I’ve fallen two years behind on my JubakPicks Portfolio and a year behind on reporting my long-term 50 Stocks Portfolio.

The only portfolio where I managed to get the 2020 performance numbers up in 2021 was the Dividend Portfolio. And that’s probably because it’s the easiest portfolio to calculate since it has so little turnover.

So, naturally, I’m going to begin by report for 2021-and my attempt to follow my New Year’s resolution by reporting on that portfolio.

For 2021 the total return–that’s price appreciation plus dividends–came to 18.59%. That was a slight improvement on the 15.71% total return for 2020. (One note on these calculations: I assume that all the money that comes in as income is spent during that year. It is not rolled over into new shares. That is, I think, how an income portfolio is used in real life by most people. So the return performance each year reflects only share appreciation over time and the dividends collected in that year.)

The dividend yield for the portfolio in 2021 came to 3.13%. That was a slight drop from the 3.43% yield in 2020.

A reminder: the goal of this portfolio is to produce a yield higher than that on the 10-year Treasury note–which as of today stood at 1.76%, but which fell as low as 1% at the beginning of 2021 and then after rising to 1.74% in March fell again to 1.20% in August–and to come as close as possible to matching the total return on the Standard & Poor’s 500 for the year. (In other words, the portfolio is supposed to be safe and not lag too far behind the riskier indexes, while producing income payments above those of the “safe” Treasury notes.)

In 2020 the Dividend Portfolio exceeded both targets with its 15.71% total return, which was above that for the S&P 500 in a middling year for the index, and its 3.43% yield.

2021, I would argue, hitting those goals was harder since this was a great year for the S&P 500 with a total return of 27.7% and interest rates fell for much of the year as the Federal Reserve kept its benchmark rates lower for longer.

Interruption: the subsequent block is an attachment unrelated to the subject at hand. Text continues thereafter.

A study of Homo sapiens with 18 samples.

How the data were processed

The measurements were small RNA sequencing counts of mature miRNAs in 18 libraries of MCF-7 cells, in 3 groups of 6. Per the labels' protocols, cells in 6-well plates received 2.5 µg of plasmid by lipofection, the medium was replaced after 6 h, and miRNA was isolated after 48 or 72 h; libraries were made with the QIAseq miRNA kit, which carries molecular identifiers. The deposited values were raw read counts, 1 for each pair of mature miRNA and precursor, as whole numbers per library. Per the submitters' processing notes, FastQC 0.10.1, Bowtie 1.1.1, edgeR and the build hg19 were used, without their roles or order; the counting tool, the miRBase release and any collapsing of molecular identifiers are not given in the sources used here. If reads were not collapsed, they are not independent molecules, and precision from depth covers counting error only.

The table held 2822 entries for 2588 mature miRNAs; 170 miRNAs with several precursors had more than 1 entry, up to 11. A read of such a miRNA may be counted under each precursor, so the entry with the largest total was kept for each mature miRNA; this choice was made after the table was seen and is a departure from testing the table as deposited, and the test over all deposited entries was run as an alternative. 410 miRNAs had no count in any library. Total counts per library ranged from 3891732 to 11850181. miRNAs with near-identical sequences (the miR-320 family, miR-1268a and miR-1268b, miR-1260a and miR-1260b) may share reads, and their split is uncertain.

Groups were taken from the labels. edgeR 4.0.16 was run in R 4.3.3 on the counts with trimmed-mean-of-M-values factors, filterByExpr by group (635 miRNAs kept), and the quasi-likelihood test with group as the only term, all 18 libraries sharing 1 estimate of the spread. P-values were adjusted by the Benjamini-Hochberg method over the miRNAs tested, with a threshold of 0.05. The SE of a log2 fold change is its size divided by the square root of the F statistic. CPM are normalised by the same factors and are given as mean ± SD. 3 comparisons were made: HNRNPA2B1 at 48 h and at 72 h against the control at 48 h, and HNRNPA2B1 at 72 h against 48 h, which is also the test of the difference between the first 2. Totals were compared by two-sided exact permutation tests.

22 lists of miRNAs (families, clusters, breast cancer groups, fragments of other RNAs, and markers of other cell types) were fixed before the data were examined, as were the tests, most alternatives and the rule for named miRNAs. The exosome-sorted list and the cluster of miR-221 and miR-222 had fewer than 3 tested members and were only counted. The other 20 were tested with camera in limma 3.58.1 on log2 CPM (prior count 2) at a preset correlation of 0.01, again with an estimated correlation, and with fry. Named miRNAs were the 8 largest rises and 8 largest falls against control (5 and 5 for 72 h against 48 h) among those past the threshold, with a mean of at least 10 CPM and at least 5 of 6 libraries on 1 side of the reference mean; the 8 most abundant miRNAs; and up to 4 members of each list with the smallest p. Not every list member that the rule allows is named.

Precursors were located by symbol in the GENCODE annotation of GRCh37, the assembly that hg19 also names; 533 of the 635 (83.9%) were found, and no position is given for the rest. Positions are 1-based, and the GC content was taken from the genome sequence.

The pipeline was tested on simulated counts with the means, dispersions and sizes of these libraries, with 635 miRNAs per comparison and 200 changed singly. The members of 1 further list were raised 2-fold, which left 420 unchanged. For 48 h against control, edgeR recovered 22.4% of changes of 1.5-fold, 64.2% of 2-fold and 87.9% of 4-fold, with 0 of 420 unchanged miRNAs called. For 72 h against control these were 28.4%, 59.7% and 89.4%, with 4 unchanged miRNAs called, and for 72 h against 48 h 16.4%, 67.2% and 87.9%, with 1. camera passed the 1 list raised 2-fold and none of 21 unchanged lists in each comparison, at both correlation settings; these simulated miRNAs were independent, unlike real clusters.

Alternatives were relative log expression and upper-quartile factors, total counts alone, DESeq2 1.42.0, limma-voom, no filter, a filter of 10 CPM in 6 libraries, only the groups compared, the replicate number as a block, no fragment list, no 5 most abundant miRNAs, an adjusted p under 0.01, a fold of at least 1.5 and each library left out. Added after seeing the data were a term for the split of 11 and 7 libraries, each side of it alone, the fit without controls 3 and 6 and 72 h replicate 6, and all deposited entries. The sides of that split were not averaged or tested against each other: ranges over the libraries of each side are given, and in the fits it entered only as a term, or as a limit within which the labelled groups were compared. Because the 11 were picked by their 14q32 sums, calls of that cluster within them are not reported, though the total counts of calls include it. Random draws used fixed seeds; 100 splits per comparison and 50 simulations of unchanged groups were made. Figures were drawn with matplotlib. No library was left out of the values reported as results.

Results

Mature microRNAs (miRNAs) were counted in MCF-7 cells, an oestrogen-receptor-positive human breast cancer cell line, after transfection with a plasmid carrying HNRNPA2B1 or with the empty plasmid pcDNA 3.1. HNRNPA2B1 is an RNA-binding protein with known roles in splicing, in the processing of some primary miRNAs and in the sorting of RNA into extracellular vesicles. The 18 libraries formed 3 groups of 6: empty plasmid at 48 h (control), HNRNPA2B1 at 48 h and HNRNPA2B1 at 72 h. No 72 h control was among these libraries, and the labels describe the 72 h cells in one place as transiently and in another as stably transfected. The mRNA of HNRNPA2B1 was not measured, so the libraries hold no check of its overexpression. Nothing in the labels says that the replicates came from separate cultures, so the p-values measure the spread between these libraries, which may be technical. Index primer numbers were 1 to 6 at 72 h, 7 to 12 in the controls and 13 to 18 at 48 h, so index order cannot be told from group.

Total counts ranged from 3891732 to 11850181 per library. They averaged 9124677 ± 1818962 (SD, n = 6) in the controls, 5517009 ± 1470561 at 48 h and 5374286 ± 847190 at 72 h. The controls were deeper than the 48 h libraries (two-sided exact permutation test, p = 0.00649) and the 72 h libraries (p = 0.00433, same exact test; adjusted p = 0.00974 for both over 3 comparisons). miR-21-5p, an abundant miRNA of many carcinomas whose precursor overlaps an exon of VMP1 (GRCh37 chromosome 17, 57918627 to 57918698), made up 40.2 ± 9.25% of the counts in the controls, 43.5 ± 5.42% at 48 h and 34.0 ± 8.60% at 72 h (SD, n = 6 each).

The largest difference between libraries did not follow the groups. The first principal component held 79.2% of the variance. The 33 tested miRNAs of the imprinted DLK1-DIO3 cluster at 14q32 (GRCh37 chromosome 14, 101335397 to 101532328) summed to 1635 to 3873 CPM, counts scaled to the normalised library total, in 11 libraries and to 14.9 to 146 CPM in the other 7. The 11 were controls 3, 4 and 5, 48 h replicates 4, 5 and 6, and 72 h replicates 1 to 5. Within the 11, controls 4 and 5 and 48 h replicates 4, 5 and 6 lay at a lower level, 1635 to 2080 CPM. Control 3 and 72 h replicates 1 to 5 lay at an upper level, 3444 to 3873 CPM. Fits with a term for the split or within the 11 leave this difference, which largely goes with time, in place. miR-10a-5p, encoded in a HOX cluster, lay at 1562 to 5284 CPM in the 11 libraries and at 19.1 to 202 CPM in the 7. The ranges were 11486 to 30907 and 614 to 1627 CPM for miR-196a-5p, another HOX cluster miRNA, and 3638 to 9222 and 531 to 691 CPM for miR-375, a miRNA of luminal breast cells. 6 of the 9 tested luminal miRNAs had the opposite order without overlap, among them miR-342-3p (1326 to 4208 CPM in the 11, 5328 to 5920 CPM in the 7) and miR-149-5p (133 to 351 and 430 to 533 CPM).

The temptation in 2021 was to reach for yield at the cost of adding risk that the stock price would fall. The most high profile example for the year was AT&T (T) where the shares now show a trailing 12-month yield od 7.94% but where the stock itself lost 7.23% in 2021.

By and large the portfolio avoided price losses in 2021 except for relatively minor drops in shares of Barrick Gold (GOLD), Southern Copper (SCCO), Citigroup (C), Merck (MRK) and Cummins (CMI).

Finding safe yields became progressively harder as the year advanced. I sold two stocks out of the portfolio in 2021, Kinder Morgan (KMI) and iShares 7-10 year Treasuries ETF (IEF) In both cases those positions trade at far lower prices today than when I sold them on May 26 and February 10, respectively.

I kept my eye out for yield opportunities all year but I only came up with one buy for the portfolio–Air Products and Chemicals (APD), which I aded on August 10,2021 at a price of $275.75 a share. The stock closed at $304.26 pm December 31, 2021.

So the portfolio goes into 2022 with one fewer open position than it had at the beginning of 2021.

For 2022, the challenge will be protecting portfolio capital–if as now anticipated the Federal Reserve raises interest rates repeatedly in 2022. Higher interest rates tend to act to depress stock prices in general.

At the same time, interest rates are now so low that the Fed’s increases have a long way to go before they take us into a range that I’d call interesting for long-term income investors.

Finding a decent yield in 2022 will remain a challenge even as the Fed starts to raise interest rates. Which should, actually, help the prices of stocks, like those in this portfolio, that pay higher than average, solid dividends.

At least that will be the belief that will guide me on this portfolio in 2022–until “Fate sticks out her foot to trip you” as Tom Neal put it in “Detour.”

Next up on my resolutions the long-term 50 Stocks Portfolio where I owe two years of performance numbers.